04 Apr Is the Mind-Body Problem a Problem at All?
© Rick Hanson, PhD and Rick Mendius, MD, 2007
One could rightly ask: How can intangible thoughts affect tangible matter (i.e., the brain)? This question is at the heart of the longstanding “mind-body problem,” and related questions include: How can mind arise from matter? Is mind reducible to matter? Does matter determine mind?
These are important, non-trivial questions, and they’ve occupied philosophers for millennia – and now, neuroscientists. Increasingly, their research is suggesting that the account of dependent origination (particularly, related to the moment of “contact”) given by the Buddha long ago is profoundly insightful: based on preceding conditions, mind and matter co-arise, co-causing each other, distinct but intertwined domains, empty of independent self-nature, joined fundamentally as a whole.
Let’s take this step-by-step. First, our thoughts, desires, feelings, personality, sense of “I,” etc., are patterns of information that are represented in the matter and energy of our nervous system. (Since E=mc2 , we’ll us the word “matter” alone from now on.)
In a similar way, patterns of information – say, a letter to a friend and a picture of the two of you together – are represented by the matter of your computer’s hard drive. Just so, information is carried by wires during a phone call, much as the Ode to Joy playing softly on a stereo was represented by modulations in a radio signal. And so on.
Second, matter can act on information, as anyone knows whose hard drive has crashed . . . or who has an aging parent with a fading memory.
Third, information can be conveyed by any suitable material medium. For example, the Ode to Joy can be represented by a written score, a radio frequency, electrical charges in an iPod . . . or by neuronal activity in your brain as you hum it from memory. In fact, the specific neural structures and processes involved in remembering the tune today will be different from those activated when you recall it tomorrow. It’s the melody that counts, not the medium which conveys it. This means that while information requires representation by matter (apart from any possible transcendental considerations), information can be causally independent – in a sense, free – of the domain of matter.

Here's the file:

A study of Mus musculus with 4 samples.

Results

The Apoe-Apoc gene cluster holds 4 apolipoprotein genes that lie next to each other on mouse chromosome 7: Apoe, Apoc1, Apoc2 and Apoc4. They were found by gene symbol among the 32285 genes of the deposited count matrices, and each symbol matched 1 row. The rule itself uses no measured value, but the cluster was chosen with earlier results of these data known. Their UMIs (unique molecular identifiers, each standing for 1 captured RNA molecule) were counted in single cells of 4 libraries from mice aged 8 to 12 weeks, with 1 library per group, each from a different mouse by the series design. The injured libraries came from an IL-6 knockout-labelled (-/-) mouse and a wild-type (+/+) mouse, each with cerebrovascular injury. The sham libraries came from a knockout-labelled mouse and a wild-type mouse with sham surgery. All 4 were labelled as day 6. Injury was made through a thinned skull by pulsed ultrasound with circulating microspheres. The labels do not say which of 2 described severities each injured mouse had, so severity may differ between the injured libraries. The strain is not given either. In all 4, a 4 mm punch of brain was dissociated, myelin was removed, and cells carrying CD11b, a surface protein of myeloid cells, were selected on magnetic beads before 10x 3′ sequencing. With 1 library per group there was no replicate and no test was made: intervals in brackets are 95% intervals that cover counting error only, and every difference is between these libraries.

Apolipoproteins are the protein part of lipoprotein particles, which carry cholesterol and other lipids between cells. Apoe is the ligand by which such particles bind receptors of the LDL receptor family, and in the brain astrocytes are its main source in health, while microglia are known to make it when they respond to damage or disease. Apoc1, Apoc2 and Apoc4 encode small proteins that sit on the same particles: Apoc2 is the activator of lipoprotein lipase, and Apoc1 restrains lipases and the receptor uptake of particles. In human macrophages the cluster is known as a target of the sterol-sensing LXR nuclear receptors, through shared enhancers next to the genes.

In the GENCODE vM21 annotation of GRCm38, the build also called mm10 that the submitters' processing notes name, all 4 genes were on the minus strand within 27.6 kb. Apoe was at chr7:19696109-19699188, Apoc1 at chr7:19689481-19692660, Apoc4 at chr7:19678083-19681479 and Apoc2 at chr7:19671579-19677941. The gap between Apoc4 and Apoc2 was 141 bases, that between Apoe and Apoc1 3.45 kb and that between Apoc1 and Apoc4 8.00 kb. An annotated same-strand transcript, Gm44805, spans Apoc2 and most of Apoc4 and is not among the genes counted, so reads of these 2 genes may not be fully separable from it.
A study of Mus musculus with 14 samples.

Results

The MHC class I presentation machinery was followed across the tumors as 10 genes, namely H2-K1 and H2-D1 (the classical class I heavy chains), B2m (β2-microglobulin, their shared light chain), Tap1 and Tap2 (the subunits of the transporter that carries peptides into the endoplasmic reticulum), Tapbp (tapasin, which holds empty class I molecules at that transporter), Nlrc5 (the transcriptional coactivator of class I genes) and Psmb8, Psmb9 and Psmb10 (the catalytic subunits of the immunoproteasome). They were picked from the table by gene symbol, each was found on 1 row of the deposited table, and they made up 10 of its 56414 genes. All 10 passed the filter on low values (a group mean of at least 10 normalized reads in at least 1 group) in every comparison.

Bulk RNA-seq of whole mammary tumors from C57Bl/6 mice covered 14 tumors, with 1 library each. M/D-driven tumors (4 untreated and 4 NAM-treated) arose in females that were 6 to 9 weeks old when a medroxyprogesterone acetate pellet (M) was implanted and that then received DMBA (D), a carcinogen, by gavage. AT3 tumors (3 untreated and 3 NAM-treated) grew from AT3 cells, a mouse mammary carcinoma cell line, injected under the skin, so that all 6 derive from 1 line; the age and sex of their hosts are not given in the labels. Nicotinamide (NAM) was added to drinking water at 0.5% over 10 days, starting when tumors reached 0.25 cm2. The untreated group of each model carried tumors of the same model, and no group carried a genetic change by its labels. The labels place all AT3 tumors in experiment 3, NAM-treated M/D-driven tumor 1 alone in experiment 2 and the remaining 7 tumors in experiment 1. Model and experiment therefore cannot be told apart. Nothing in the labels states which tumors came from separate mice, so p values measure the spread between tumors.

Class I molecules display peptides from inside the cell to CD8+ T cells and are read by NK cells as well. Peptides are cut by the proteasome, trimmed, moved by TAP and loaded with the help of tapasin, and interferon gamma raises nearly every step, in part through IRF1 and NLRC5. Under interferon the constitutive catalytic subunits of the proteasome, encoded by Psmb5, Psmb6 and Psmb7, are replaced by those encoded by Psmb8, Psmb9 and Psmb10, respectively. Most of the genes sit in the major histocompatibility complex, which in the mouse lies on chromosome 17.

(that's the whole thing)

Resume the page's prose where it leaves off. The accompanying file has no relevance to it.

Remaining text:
Fourth, information can act on matter – and act on information itself – through the patterning of matter that represents it. Using the example of the Ode to Joy, the matter of the CD which represents it modulates radio waves, which shape the flow of electrons going to your stereo speakers, which pattern sound waves in air, which activate circuits in your brain, the patterning of which is then – finally! – translated back into the lovely information of Beethoven’s masterpiece.
In sum, immaterial information cascades through the mind by the vehicle of linked, co-arising materiality. Even without reference to a transcendental principle, mind – consciousness – exists, it can’t be reduced to matter alone, and it shapes matter through the action of the material substrate which represents it.
Information and matter in the human nervous system are interdependent and reciprocally causal (which creates opportunities to use the mind to change the brain to benefit the mind). Much as light is both waves and photons, our existence is both informational and material. The teachings on emptiness apply here as well: distinctions between mind and brain are relatively true and often useful, but in an absolute sense, mind and brain form one unified system, each aspect of which is empty of inherent self-nature (as is any mind/brain system itself, in its interdependence with the world and other people).
While the details are complex and could take centuries to unravel completely, at its essence, we believe the mind-body problem is actually no problem at all.